Manley Hot Springs History

The history of Manley Hot Springs can be broken into three main periods:
Part 1: 1894-1913 - GOLD!
Part 2: 1902 - Agriculture
1903 - Present: The Land

by John Robert Dart



Part 1: 1894-1913 - GOLD!

Most people in Manley Hot Springs have a very interesting story to tell.  As with many oral histories, the story gets distorted over time for whatever reasons. What is clear after a thorough examination of this local lore and considerable time spent in area libraries, is that the truth about Manley Hot Spring’s origin may easily be revealed.

Photo credit: Howard Henry Collection, 73-274-275, Archives, University of Alaska Fairbanks
Enlarge photo
Circa 1907: Looking north across Hot Springs Slough: L to R, Frank G. Manley's Hotel and Bathhouse, Northern Commercial Store, Warehouses, and Stable. Note power poles--steam driven generator produced electricity.


Gold prospecting, and ultimately mining, were the reasons for agricultural development at the Hot Springs. While this comes as no surprise to locals or Alaskans in the nearby Tofty and Eureka mining community, a refresher of the records gives a clear picture of how farming got started and how its quick demise came about.  Karshner knew, hungry mouths had to be fed!!!

Follow the money and it becomes clear that Frank G. Manley was buying up claims in the Baker Creek country in the Tanana River Valley.  Manley, in retrospect, was a savvy businessman, taking his early gold earnings from the Fairbanks Camp following the gold rush and spreading his wealth from camp to camp while buying up claims. 

Photo credit: Charles Spicer Collection, 2003-007-08, Archives, University of Alaska Fairbanks


Stories of Manley indicate he was a horse thief from Texas, however I really didn’t give it much thought until now.  According to Rosalie E. L’Ecuyer, author of Prospecting and Mining activity in the Rampart, Manley Hot Springs and Fort Gibbon Mining Districts of Alaska, 1894 to the Present Era: “The will, which was made at San Angelo, Tom Green County, Texas, gave Manley’s true name as Hillyard Bascom Knowles.”



Manley holdings 1908

The map above shows Frank Manley's holdings in 1908.

Cora Chase Charlton’s article “Was He Justified?" on pp. 47-51 in the April 1909 Alaska-Yukon Magazine, coincidently describes a fictional story about two characters named Hillyard and Bascom.  This lady friend undoubtly knew Manley, as Cora had spent time both in Hot Springs and Fairbanks. By 1913, after his return from incarceration in Texas and the destruction of his hotel by fire, Frank G. Manley had lost interest in mining at Hot Springs.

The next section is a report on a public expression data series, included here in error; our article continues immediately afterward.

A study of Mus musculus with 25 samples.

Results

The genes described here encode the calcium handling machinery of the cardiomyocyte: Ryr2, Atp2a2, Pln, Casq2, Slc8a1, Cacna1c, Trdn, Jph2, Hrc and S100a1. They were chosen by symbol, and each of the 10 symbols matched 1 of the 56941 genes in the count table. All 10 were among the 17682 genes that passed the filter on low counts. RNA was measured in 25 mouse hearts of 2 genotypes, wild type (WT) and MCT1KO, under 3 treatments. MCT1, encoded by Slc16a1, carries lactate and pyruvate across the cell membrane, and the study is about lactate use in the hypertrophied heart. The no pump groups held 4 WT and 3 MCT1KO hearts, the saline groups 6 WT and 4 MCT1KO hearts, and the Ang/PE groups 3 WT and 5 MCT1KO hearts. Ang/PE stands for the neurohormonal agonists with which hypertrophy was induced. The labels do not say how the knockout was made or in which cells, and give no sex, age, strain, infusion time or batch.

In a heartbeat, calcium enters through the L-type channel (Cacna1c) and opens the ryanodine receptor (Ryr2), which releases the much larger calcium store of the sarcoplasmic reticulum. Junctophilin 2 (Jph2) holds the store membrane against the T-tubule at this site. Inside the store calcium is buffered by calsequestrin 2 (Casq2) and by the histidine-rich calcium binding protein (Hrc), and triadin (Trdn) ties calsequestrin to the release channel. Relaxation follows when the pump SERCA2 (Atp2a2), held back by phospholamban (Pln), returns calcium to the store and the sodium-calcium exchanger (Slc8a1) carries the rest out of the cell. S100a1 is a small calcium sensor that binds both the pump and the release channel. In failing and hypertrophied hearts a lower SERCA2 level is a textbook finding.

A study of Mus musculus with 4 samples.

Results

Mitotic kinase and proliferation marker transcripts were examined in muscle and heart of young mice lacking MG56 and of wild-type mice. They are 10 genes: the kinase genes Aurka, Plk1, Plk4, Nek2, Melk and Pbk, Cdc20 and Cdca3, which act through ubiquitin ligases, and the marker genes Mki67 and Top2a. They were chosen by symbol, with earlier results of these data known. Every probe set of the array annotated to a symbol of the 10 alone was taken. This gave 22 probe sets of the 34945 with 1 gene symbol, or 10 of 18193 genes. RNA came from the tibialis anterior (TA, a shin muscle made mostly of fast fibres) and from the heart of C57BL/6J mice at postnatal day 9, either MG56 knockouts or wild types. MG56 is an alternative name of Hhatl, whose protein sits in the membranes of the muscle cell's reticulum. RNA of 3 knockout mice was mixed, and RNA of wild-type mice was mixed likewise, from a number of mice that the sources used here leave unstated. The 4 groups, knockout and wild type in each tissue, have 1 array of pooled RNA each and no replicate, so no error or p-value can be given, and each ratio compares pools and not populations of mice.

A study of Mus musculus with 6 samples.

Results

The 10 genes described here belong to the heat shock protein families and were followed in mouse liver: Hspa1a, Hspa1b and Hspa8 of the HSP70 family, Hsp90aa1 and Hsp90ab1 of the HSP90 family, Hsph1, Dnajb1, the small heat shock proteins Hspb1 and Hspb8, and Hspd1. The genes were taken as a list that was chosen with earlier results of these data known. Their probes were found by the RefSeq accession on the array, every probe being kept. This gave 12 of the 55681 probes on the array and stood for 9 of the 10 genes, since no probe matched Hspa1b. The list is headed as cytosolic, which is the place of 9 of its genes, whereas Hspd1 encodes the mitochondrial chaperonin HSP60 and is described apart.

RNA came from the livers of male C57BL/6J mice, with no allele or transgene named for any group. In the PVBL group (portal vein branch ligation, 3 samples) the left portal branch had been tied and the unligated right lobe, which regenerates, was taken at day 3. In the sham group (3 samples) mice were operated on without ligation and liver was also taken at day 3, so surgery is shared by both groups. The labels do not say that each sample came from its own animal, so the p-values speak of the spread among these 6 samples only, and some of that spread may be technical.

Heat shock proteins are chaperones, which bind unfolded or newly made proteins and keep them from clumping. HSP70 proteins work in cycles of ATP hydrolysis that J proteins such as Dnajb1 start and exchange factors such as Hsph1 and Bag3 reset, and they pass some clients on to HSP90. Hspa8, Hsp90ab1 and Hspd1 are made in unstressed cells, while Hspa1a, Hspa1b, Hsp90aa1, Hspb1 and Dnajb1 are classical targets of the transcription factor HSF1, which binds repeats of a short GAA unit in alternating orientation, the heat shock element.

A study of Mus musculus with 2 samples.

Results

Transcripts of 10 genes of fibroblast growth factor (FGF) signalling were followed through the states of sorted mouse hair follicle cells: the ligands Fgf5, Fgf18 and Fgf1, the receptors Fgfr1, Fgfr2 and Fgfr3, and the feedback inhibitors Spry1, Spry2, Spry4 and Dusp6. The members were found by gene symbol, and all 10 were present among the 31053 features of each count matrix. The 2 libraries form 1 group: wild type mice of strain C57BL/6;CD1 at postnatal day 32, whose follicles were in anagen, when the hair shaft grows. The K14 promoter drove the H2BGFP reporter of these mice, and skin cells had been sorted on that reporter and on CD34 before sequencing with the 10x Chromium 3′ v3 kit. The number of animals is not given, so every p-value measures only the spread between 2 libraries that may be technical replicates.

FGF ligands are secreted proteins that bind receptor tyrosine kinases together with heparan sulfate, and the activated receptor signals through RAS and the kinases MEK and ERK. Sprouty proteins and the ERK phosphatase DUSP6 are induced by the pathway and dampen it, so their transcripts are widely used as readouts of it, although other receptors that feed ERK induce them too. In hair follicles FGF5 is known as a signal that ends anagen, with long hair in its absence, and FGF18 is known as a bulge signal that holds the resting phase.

Photo credit: Howard Henry Collection, 73-223-7, Archives, University of Alaska Fairbanks


So was it was lust, love, money, or the combination of all these that did things in for Manley?  Or perhaps it was just other business pursuits, since we know Manley had claims in the Iditarod District and had his machinery sent there.  Rumor has it the hotel was burned by an arsonist within the Karhsner clan.  The patent which was eventually issued to Cordelia M. Karshner would not otherwise have occurred due to the rules of homesteading.



Survey Commenced:  August 16, 1907
Survey Completed :    August 20, 1907

General Description
“Total area included within survey, 278.92 acres, of which 72.60 acres have been cleared, and of the latter 30.40 acres are under a high state of cultivation.  No evidence of mineral within the line of survey.  The hot springs, several in number, take their rise at the base of a bench, about 20 chs. Northerly from Hot Springs slough.”…  “The slough is navigable for vessels, of not to exceed four feet draft, at times of high water only;”
                        L.S. Robe,
                       U.S. Deputy Surveyor

“Now Know YE, That there is, therefore, granted by the United States unto the said claimant, the tract of Land above described:”…
By the President:  Woodrow Wilson
Patent Number 498680
Homestead Survey No. 916, under Act of Congress, May 14, 1898 as amended by Act of March 3, 1903.